Motley Fool - Sat Aug 26, 6:35AM CDT

Because of the diversity of businesses represented in the broader stock market, it's a sure bet that over any time period, some stocks will do remarkably well, some will perform very poorly, and most will be somewhere in between. Having just a few stocks in your portfolio that end up in the first category can compensate for quite a few losers that might also be in there.

Here are two healthcare stocks that have made shareholders far richer in recent years. Either still has the potential to be great buys for the long haul and help your fortune grow. Here's why.

A doctor consults with their patient.

Image source: Getty Images.

1. Cigna: A solid health insurer at a deep discount

When you add up the customer relationships in its Cigna Healthcare health insurance plans business and it Evernorth Health Services pharmacy benefits management business, Cigna(NYSE: CI) has almost 166 million customers. Higher demand for its services, higher insurance premiums, and acquisitions all combined to help revenue more than sextuple from $29.1 billion in 2012 to $180.5 billion in 2022.

That significant customer base and revenue growth trajectory has investors intrigued and helped earn it an $82 billion market capitalization, which is the fourth-largest among healthcare plan companies on the planet.

Someone investing $5,000 in Cigna stock in 2013 would be valued at $18,620 with dividends reinvested. That tops the $15,900 that the same investment in an ETF mimicking the S&P 500 index would be worth now with dividends reinvested.

As the demand for pharmacy benefits management grows and health insurance plan usage continues to rise, Cigna should keep doing well. Analysts predict earnings will compound by 11.1% annually through the next five years, which is comparable to the industry peer average of 11.9%.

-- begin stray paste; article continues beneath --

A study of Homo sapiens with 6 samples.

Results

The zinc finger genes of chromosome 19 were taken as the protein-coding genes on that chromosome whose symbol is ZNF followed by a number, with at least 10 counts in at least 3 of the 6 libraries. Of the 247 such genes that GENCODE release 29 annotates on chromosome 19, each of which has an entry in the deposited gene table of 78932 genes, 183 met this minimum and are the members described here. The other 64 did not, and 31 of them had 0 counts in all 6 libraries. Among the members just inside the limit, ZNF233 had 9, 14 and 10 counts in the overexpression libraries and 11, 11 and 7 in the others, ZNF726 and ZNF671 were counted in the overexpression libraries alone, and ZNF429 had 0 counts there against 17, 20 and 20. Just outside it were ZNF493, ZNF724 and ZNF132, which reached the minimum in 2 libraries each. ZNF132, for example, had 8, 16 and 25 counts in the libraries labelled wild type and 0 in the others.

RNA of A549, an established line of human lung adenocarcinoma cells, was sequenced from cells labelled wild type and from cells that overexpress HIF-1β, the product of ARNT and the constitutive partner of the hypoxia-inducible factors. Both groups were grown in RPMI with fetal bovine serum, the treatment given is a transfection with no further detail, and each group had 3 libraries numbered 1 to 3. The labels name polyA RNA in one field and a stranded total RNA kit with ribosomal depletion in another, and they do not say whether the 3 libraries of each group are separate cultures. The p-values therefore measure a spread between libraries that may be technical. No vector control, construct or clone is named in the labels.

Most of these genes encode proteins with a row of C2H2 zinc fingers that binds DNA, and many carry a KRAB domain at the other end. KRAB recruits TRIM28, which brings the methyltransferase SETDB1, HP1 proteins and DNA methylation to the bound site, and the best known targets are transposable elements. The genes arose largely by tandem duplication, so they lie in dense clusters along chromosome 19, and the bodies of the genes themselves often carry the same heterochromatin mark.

Investors also get access to a 1.7% starting dividend yield from Cigna, which is slightly above the 1.6% yield of the S&P 500 index. With a dividend payout ratio set to register at less than 20% in 2023, the dividend also appears to have plenty of room for future growth. Dividend growth investors can pick up shares of Cigna at a forward price-to-earnings (P/E) ratio of 10. That's well below the healthcare plans industry average forward P/E ratio of 13.6, which makes the stock a smart buy at the current $282 share price.

2. LeMaitre Vascular: Niche business models can succeed too

Some of the best businesses in the world fly under the radar of many retail investors. Outside of vascular surgeons, company employees, and seasoned investors, there's a very good chance you aren't familiar with the peripheral vascular disease medical device maker LeMaitre Vascular(NASDAQ: LMAT). The company's products take the No. 1 or No.2 spots for market share in nine out of 12 product categories, including embolectomy catheters, carotid shunts, and valvulotomes.

This outperformance could be poised to persist: The market research company Mordor Intelligence anticipates that the global peripheral vascular devices market will grow from $12.8 billion in 2023 to $15.9 billion by 2028. Along with additional product launches and bolt-on acquisitions, this is why analysts expect 10% annual earnings growth from the company for the next five years.

Earnings growth and market dominance have the interest of investors. It's a big part of why a $5,000 investment in LeMaitre 10 years ago is now worth a staggering $46,200 today (with dividends reinvested).

Granted, LeMaitre's 1% dividend yield probably isn't going to impress investors. But that percentage is down because the stock price performed so well. The company has dividend growth potential it can still tap into. That's because the dividend payout ratio is around 44%.

LeMaitre's forward P/E ratio of 37.3 isn't cheap relative to the medical instruments & supplies industry average forward P/E ratio of 26.1. But based on its phenomenal track record, the current $56 share price is arguably still fair for long-term investors.